Get ready for the next phase of the U.S.-China trade war. You thought it was over, or at least on pause, with that first-phase deal signed just this week? Not a chance.
Before the ink was even put onto paper, the Trump administration was busy continuing its pressure campaign against China’s big technology companies. It’s clear that U.S. policy is to label tech firms in China as national security threats and to pressure other countries to do the same.
Let’s start with Huawei – the poster child for American fears about the rise of Chinese tech. The administration is obsessed with the largest manufacturer of telecom equipment in the world. The U.S. claims, without evidence, that Huawei puts secret spyware in its equipment on behalf of the communist government in Beijing.
The Trump administration has been making this claim about Huawei and, increasingly, other Chinese tech companies as a major piece of the trade war, and it is not letting up. It has imposed sanctions that block most imports of Huawei’s products and U.S. exports of components the company needs to make its equipment. It has similarly blacklisted China’s (and the world’s) leading artificial intelligence firms, including HikVision (SZ: 002415), iFlyTek (SZ: 002230), and privately held Duahua Technology, Megvii Technology and SenseTime.
The AI firms make surveillance equipment such as face- and voice-recognition software, and the U.S. accuses China of using them to suppress its Muslim population in Xinjiang province. The Trump administration denies the sanctions have anything to do with the trade war.
But the issue of human rights, while a legitimate concern, is a smokescreen. The sanctions stem from the realization that China, for the first time, poses a threat to American technological dominance. With its Made in China 2025 program, the country aims to become a global leader in AI and various other important technologies.
Trump can't accept the notion that the most populous country on the planet – the nation that led the world in innovation for centuries until the 1800s – might be starting to catch up. Thus we see a continuing campaign not only to keep products from Huawei and others out of the U.S. but also to pressure our allies to do the same. This has been occurring with fury as the world gets ready to build 5G technology.
Secretary of State Mike Pompeo, in his meeting this month in Washington with British Foreign Secretary Dominic Raab, reportedly pressured Britain to exclude Huawei from its next-generation telecom network, which centers on 5G. According to Reuters, Pompeo threatened to withhold intelligence-sharing with the UK if his country goes forward contractually with Huawei. That coincided with a National Security Agency delegation traveling to London to issue the same warning. Britain is expected to decide this month.
The administration is also taking its campaign straight to the source, warning America’s premier technology companies about the evils of doing business with China.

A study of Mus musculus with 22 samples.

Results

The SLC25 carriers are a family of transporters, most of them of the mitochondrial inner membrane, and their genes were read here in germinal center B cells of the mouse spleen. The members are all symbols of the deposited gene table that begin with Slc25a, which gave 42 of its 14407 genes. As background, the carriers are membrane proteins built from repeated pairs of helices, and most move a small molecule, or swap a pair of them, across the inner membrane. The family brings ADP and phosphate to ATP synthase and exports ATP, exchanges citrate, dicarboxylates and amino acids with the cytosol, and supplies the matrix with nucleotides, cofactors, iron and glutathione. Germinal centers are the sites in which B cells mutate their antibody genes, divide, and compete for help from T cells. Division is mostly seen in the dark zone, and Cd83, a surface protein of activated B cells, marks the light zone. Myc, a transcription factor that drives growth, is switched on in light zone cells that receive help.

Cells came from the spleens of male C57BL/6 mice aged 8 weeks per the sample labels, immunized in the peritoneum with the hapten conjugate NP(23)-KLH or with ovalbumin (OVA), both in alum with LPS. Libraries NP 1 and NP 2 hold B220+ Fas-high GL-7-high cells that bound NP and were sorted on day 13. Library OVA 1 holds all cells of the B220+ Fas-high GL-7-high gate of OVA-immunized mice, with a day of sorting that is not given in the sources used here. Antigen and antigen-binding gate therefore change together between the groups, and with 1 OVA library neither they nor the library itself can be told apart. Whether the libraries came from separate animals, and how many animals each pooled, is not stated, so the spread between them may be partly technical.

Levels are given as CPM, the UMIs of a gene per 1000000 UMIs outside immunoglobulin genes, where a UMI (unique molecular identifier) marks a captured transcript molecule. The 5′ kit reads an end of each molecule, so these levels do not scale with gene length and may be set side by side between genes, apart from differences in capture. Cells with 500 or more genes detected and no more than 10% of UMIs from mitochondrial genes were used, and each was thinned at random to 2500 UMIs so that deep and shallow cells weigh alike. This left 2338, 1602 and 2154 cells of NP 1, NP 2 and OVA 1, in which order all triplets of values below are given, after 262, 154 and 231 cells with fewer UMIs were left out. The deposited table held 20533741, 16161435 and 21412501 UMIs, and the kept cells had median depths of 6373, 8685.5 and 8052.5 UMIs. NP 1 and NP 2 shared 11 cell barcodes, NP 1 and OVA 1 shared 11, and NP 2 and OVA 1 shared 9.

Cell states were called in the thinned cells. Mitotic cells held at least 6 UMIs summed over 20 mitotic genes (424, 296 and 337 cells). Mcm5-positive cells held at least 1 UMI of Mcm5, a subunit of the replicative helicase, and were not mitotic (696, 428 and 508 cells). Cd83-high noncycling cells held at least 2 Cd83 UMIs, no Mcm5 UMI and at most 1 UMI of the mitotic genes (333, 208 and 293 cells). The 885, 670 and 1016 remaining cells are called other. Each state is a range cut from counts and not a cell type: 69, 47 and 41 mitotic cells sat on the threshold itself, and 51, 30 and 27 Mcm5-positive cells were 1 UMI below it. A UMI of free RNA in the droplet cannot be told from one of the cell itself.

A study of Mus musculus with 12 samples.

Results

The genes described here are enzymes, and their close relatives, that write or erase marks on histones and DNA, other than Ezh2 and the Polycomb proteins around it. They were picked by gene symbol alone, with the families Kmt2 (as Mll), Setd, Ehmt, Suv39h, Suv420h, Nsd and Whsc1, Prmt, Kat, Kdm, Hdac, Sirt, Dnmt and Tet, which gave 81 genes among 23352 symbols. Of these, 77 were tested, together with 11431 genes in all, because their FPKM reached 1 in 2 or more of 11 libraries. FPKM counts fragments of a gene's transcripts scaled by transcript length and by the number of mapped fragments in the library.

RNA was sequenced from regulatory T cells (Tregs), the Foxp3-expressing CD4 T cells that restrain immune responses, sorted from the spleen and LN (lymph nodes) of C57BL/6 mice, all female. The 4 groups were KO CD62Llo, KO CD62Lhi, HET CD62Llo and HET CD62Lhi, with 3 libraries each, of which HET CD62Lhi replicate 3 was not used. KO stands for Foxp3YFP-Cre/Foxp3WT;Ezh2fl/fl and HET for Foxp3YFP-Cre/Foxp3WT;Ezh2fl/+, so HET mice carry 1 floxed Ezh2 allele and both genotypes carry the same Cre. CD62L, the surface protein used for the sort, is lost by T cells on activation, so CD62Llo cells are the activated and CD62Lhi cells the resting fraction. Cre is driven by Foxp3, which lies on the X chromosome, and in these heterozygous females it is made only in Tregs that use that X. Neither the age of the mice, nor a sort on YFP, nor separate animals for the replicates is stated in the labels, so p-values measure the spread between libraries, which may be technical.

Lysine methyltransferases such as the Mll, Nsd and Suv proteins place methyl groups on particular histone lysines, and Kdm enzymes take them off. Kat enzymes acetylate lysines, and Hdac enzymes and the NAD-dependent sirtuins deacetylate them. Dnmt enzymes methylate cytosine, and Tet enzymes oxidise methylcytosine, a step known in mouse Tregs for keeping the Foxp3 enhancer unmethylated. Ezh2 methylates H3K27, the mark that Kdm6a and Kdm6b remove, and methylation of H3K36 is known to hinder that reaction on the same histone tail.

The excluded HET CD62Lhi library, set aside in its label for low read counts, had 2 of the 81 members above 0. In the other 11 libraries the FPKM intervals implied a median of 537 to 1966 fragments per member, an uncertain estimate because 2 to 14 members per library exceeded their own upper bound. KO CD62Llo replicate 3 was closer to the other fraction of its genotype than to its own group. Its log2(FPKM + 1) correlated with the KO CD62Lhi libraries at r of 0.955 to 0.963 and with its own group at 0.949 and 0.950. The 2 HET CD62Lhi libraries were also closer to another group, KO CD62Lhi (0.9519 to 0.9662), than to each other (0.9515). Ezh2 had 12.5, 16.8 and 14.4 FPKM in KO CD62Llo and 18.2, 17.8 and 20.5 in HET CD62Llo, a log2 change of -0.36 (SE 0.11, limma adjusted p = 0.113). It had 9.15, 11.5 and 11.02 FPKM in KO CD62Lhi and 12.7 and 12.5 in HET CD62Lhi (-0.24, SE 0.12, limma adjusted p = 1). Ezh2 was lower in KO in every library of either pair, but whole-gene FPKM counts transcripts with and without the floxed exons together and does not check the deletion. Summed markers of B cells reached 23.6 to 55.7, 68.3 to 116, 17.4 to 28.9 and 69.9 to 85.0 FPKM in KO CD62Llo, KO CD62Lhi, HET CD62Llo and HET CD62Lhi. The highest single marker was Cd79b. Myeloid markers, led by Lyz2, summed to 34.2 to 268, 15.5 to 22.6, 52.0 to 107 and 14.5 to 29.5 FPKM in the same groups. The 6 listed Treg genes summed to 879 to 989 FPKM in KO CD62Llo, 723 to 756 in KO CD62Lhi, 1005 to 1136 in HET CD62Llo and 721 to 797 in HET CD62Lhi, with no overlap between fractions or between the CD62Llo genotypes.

“America is facing a challenge from China that demands every fiber of your innovative skill,” Pompeo told the Silicon Valley Leadership Group at the Commonwealth Club in San Francisco this week.
He suggested that the likes of Google (Nasdaq: GOOG), Intel (Nasdaq: INTC) and other tech titans abandon the world’s biggest market because neither the Chinese government nor the country’s emerging technology companies can be trusted.
“We are putting our allies and partners on notice about the massive security and privacy risks connected to letting Huawei construct their 5G networks inside of their countries,” he said.
You have to wonder how trade in technology can be conducted at all with such an absurd level of suspicion. The Trump team’s claims about Huawei's spying are unproven and dubious. It defies logic that Huawei, China’s most global company with operations in most of the world’s countries, would risk its credibility by facilitating spying on its customers. If it were found out, the result would be catastrophic for the company, and the telecom industry around the world would be thrown into disarray. That’s how big Huawei is.
This week also marked the Treasury Department’s release of final rules in its update of the Foreign Investment Risk Review Modernization Act. It also said it wants to “provide the Committee on Foreign Investment in the United States (CFIUS) with the ability to better address national security concerns arising from certain investments.”
“This will be a huge blow to Chinese (and any other nationality) companies interested in investing in or buying U.S. tech firms,” Chorzempa said in a commentary on PIIE’s website.
CFIUS, of course, has been instrumental in blocking foreign investment and has been among the laws used frequently against China. One group of adversaries even wants to block a Chinese company that makes railway cars. An industry group called the Rail Security Alliance is on a spy-train campaign, claiming that Chinese state-owned CRRC (HK: 1766) poses a cybersecurity threat and that its coaches are built to conduct espionage.
With each passing week, it’s obvious that trade war fever - especially when it comes to technology - is not over. Trump won’t be around forever, but both major political parties agree on much about China and the competition it represents. The fight over tech seems destined to be the featured event, the protagonist in a drama we can expect to play out over many years.